Mourão was another of the border towns disputed by Spain and Portugal in the 13C until in 1297 King Dinis signed the Treaty of Alcañices with the Spanish King, Fernando IV, and Mourão became a Portuguese possession, although the fighting and disputes did not end. (The history of this town and its castle is very confusing, and this site shows there is no simple, quick explanation.)
The Castle was built during the reign of King Dinis’ son, Alfonso IV (1291-1357) by João Afonso. Further work was carried out in the 16C, and in the 17C fortifications were added in the Vauban style by Nicholas of Langres and Pierre de Sainte-Colombe who had also worked at Monsaraz. On the information board and Google Maps the Mediaeval walls are clear, surrounded by the 17C fortifications.
Inside the walls the buildings, apart from the Church, are in ruins. There are eleven square towers, and two, perhaps three, gates. We entered through the Church Gate with its two small guns, and there is another gate (blocked up) leading towards the Alqueva Reservoir.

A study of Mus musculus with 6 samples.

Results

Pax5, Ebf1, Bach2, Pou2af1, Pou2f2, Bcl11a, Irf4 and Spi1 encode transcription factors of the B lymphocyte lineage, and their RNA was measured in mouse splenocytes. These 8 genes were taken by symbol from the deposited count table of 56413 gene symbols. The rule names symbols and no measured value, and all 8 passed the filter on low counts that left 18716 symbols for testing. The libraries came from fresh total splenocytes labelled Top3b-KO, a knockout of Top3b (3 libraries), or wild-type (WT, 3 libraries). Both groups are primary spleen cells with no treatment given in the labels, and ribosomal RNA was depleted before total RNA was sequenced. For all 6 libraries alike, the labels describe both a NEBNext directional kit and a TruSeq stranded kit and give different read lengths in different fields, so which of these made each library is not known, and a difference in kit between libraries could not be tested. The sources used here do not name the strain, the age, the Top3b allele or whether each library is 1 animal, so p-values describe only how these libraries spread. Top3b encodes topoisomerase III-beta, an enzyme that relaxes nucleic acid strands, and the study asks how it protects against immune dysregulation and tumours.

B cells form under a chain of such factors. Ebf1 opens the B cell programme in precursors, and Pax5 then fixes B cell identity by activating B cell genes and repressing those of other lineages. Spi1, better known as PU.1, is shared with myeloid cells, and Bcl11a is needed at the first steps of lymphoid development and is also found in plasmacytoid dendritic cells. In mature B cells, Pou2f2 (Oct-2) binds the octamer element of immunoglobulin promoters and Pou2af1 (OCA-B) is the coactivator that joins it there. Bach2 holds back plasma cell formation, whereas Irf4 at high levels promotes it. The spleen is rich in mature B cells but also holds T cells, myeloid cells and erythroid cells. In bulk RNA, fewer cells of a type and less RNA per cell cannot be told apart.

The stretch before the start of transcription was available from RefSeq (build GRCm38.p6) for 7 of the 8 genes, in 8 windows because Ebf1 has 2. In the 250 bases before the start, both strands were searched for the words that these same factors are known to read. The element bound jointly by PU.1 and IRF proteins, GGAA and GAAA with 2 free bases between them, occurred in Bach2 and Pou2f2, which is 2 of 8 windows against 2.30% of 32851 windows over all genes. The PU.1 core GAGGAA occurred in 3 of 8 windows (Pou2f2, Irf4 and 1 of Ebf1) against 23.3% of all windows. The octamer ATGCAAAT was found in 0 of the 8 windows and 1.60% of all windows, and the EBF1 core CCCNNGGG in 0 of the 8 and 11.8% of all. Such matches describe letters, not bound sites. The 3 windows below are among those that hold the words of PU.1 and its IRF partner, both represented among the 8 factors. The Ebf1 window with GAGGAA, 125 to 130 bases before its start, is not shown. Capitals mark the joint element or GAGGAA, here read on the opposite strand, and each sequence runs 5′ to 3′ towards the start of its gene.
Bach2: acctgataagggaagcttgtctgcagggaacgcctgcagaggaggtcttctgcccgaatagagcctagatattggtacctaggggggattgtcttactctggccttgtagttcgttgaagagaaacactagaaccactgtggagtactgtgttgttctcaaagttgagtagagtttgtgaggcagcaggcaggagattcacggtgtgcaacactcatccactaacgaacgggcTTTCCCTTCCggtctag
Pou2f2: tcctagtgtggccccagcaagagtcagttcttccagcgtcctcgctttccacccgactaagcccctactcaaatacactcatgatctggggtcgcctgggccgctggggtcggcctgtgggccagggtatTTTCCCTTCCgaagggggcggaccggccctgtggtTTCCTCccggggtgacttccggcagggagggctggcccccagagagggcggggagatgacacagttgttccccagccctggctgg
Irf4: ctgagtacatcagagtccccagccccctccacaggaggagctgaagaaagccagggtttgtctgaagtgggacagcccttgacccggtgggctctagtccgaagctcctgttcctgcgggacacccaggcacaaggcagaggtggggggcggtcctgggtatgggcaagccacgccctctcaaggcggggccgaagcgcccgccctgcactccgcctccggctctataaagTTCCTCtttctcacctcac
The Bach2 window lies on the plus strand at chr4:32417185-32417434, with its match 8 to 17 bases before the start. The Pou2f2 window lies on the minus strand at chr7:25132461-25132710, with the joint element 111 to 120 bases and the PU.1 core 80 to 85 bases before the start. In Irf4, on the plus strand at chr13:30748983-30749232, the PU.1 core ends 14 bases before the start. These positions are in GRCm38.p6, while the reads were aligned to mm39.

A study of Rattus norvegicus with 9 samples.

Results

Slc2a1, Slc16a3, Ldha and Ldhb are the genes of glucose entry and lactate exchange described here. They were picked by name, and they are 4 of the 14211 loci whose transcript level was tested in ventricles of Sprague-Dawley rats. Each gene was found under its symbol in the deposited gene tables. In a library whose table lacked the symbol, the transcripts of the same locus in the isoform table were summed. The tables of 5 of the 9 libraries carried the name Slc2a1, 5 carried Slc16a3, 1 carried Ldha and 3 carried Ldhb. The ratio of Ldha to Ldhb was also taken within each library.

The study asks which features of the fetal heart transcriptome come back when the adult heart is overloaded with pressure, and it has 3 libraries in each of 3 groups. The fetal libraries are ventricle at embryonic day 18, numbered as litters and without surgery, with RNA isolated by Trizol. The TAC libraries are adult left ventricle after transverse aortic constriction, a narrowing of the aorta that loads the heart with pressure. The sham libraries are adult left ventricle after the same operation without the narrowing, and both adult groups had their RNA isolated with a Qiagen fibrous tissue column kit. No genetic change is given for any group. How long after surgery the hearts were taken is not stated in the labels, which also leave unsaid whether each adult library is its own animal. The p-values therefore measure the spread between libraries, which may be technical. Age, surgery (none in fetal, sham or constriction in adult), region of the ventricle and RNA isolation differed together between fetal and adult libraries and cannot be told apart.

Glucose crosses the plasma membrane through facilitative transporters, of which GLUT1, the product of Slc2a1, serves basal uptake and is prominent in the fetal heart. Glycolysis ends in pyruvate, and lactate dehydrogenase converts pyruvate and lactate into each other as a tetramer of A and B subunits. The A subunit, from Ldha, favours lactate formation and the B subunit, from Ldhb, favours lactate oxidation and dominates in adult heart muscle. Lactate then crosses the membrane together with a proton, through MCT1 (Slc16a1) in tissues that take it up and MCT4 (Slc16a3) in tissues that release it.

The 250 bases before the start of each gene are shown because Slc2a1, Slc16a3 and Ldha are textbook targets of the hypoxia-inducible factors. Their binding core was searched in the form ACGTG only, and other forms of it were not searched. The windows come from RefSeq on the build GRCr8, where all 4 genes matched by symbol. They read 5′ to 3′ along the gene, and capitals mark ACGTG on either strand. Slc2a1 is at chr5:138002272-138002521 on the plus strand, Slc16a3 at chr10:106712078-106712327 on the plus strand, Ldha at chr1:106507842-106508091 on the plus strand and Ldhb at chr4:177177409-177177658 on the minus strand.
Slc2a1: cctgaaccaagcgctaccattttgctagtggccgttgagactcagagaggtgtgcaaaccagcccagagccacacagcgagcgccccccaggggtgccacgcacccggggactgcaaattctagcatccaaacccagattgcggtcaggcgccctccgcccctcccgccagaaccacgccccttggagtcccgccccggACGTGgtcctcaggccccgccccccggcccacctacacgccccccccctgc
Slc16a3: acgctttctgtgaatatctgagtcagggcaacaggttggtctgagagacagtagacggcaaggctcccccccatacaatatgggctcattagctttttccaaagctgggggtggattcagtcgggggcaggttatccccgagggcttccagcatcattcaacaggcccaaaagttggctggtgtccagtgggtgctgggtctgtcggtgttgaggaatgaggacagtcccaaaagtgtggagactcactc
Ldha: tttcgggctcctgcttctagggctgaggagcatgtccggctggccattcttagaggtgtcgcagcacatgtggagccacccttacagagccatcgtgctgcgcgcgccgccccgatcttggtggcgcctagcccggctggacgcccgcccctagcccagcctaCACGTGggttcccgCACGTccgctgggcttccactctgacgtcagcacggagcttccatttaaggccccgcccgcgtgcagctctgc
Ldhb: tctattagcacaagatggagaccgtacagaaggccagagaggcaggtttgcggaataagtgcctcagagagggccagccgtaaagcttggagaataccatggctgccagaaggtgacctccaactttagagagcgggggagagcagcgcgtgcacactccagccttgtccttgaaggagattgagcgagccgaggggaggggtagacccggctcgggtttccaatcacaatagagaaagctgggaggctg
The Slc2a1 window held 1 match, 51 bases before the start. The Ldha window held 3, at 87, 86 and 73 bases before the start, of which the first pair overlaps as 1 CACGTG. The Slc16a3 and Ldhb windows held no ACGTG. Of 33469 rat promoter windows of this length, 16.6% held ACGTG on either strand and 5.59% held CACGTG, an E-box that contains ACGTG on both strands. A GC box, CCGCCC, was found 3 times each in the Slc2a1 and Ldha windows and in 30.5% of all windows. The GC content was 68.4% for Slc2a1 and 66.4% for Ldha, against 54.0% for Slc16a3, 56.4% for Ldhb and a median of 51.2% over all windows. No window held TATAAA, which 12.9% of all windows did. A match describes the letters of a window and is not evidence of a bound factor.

There is a ruined building near the blocked gateway…
And more ruins alongside the Church, with a coat of arms I can’t identify…
The 17C fortifications (just visible under all the vegetation) can be found by walking around the outside of the Mediaeval walls.
A very easy walk to the 15C Chapel of St Sebastian, close to the Reservoir, leads away from the blocked gateway and down a flowery path.
And then it was time to turn round, return to the Castle, and drive back to Vila Viçosa.